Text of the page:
How many times did you wash or sanitise your hands yesterday?  How many people did you stay near within 2 meters for more than 2 minutes yesterday?

Surveys asking citizens these two questions, or very similar ones, have informed several governments policy-decisions as to whether people are adhering to official COVID-19 restrictions. In Denmark prominent political researchers, conducting these surveys, have even made headlines announcing that “CITIZENS ARE SLACKING ON THEIR BEHAVIOUR!” and have weighed in on crucial government decisions based on the answers.

The only problem is that survey questions pertaining to such peripheral routine behaviours are not valid methods for measuring actual behaviours – according to our most recent experiment published in the leading behavioural science journal Behavioural Public Policy.

 

How we reduced hand hygiene compliance by almost 50%

In the paper Reporting on One’s Behaviour: a survey experiment on the non-validity of self-reported COVID-19 hygiene relevant routine behaviours we replicated two of the core questions of the 27.2 million DKR HOPE-project from Aarhus University which has been a main academic source informing policy-decisions as to the behaviour of Danes during the pandemic.

 

Fact Box: The HOPE Project

The HOPE project is an interdisciplinary research project with the goal of investigating how democracies react and cope with the COVID-19 pandemic and what the effects of these reactions and coping strategies are.

The HOPE project group, in their own words, seeks to investigate how the trajectory of the pandemic, decisions of governments, international media and social media landscapes as well as citizens’ behavior and well-being all interrelate and affect each other.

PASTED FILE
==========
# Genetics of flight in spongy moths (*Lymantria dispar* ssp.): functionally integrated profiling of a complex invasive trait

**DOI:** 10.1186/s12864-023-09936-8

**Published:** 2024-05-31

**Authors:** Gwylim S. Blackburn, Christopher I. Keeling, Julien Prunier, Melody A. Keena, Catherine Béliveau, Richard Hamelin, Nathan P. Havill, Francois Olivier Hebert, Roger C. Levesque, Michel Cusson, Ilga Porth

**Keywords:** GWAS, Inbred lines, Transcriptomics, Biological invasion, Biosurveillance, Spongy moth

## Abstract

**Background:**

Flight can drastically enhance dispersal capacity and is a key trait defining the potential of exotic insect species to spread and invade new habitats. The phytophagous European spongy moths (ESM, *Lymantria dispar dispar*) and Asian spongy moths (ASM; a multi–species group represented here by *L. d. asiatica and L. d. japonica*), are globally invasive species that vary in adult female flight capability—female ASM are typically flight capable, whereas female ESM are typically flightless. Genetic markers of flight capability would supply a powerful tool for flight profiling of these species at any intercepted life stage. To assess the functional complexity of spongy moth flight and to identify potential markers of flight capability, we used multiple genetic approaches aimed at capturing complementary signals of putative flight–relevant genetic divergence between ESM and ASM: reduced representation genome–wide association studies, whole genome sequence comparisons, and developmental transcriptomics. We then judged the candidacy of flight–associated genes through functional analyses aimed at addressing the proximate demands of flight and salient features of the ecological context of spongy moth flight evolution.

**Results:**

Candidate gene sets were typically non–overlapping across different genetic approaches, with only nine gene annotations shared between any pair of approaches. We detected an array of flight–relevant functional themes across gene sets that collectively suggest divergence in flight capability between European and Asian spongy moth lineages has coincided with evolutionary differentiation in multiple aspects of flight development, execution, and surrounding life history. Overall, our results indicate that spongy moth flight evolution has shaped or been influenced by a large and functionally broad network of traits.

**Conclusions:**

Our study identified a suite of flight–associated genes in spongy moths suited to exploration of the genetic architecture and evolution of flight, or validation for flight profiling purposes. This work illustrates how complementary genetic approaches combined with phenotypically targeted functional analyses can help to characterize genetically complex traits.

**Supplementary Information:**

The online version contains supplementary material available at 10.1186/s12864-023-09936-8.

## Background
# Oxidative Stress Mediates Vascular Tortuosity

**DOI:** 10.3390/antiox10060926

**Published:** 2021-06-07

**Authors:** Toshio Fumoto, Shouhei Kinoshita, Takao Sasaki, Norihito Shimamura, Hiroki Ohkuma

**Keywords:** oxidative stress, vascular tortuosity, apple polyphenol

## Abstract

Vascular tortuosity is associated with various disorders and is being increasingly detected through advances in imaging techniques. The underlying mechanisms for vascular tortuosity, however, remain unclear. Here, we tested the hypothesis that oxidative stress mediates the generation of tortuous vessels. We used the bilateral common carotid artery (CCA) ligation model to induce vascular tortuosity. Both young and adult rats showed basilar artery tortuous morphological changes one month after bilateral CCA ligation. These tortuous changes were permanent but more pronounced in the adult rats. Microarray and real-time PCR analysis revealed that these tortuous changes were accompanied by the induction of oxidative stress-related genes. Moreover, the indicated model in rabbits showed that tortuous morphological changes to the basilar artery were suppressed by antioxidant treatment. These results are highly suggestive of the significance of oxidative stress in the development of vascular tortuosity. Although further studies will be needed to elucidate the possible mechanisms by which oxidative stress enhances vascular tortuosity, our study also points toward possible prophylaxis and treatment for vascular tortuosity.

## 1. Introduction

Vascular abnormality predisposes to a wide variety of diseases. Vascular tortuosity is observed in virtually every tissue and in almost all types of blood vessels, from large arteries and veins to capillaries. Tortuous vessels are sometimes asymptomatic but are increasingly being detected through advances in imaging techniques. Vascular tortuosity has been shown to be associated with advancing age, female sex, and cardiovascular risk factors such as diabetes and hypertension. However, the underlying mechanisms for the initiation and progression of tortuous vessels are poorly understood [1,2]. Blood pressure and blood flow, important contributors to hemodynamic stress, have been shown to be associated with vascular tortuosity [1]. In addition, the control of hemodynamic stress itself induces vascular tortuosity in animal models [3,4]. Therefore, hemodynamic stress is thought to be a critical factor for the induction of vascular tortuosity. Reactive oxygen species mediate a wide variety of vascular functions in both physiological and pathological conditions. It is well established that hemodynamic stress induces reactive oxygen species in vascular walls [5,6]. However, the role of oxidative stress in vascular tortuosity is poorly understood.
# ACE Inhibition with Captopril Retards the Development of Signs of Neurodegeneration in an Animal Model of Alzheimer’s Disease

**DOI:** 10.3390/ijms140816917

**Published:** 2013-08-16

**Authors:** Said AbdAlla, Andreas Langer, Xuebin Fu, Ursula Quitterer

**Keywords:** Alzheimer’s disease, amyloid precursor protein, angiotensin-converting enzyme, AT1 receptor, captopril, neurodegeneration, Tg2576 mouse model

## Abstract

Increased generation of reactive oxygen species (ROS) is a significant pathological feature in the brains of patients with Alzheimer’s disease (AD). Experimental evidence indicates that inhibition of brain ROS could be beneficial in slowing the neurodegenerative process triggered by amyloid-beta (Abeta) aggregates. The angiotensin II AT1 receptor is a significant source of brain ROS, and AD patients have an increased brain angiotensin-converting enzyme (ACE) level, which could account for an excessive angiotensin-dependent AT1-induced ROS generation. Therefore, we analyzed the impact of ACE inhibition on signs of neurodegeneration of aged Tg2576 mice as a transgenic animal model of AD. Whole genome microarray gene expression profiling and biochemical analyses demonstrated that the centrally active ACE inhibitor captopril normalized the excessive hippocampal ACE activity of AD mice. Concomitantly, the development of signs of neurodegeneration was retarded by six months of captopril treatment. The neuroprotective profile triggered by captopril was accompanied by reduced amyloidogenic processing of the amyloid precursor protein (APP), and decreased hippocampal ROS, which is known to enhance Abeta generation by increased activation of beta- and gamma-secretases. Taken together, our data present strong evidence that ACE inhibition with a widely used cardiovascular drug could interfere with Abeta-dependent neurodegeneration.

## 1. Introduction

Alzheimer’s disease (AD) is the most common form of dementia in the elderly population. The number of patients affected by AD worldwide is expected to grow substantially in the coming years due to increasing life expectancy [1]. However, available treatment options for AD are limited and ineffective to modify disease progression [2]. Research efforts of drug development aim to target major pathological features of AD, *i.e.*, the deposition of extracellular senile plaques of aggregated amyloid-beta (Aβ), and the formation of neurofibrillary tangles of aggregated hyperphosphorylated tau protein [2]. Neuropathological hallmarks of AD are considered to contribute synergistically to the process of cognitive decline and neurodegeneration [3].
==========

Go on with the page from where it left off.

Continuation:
The only twist was that we added an experimental design testing the validity of such questions by anchoring the answers of a national representative sample. The results showed, as expected, that people cannot report on such peripheral routine behaviours as they are not registered in episodic memory. We reduced reported hand hygiene compliance by almost 50% merely by anchoring the questions!

Still, such surveys have been widely used to inform crucial policy-decisions relative to the COVID-19 pandemic.

 

Two lessons learned

Two lessons may be learned from the paper. The first: if you want to know about people’s behaviours, sending out surveys is not a valid approach in most cases – and identifying those cases may be done by use of methodologies from Behavioural Insights. The second: in studying routine behaviours, you have to focus on behavioural patterns as they play out in their contexts, rather than people and their self-reports concerning such behaviours.

To read more about the experiment and how to go about measuring the frequencies of COVID-19 relevant behaviours go read the paper here.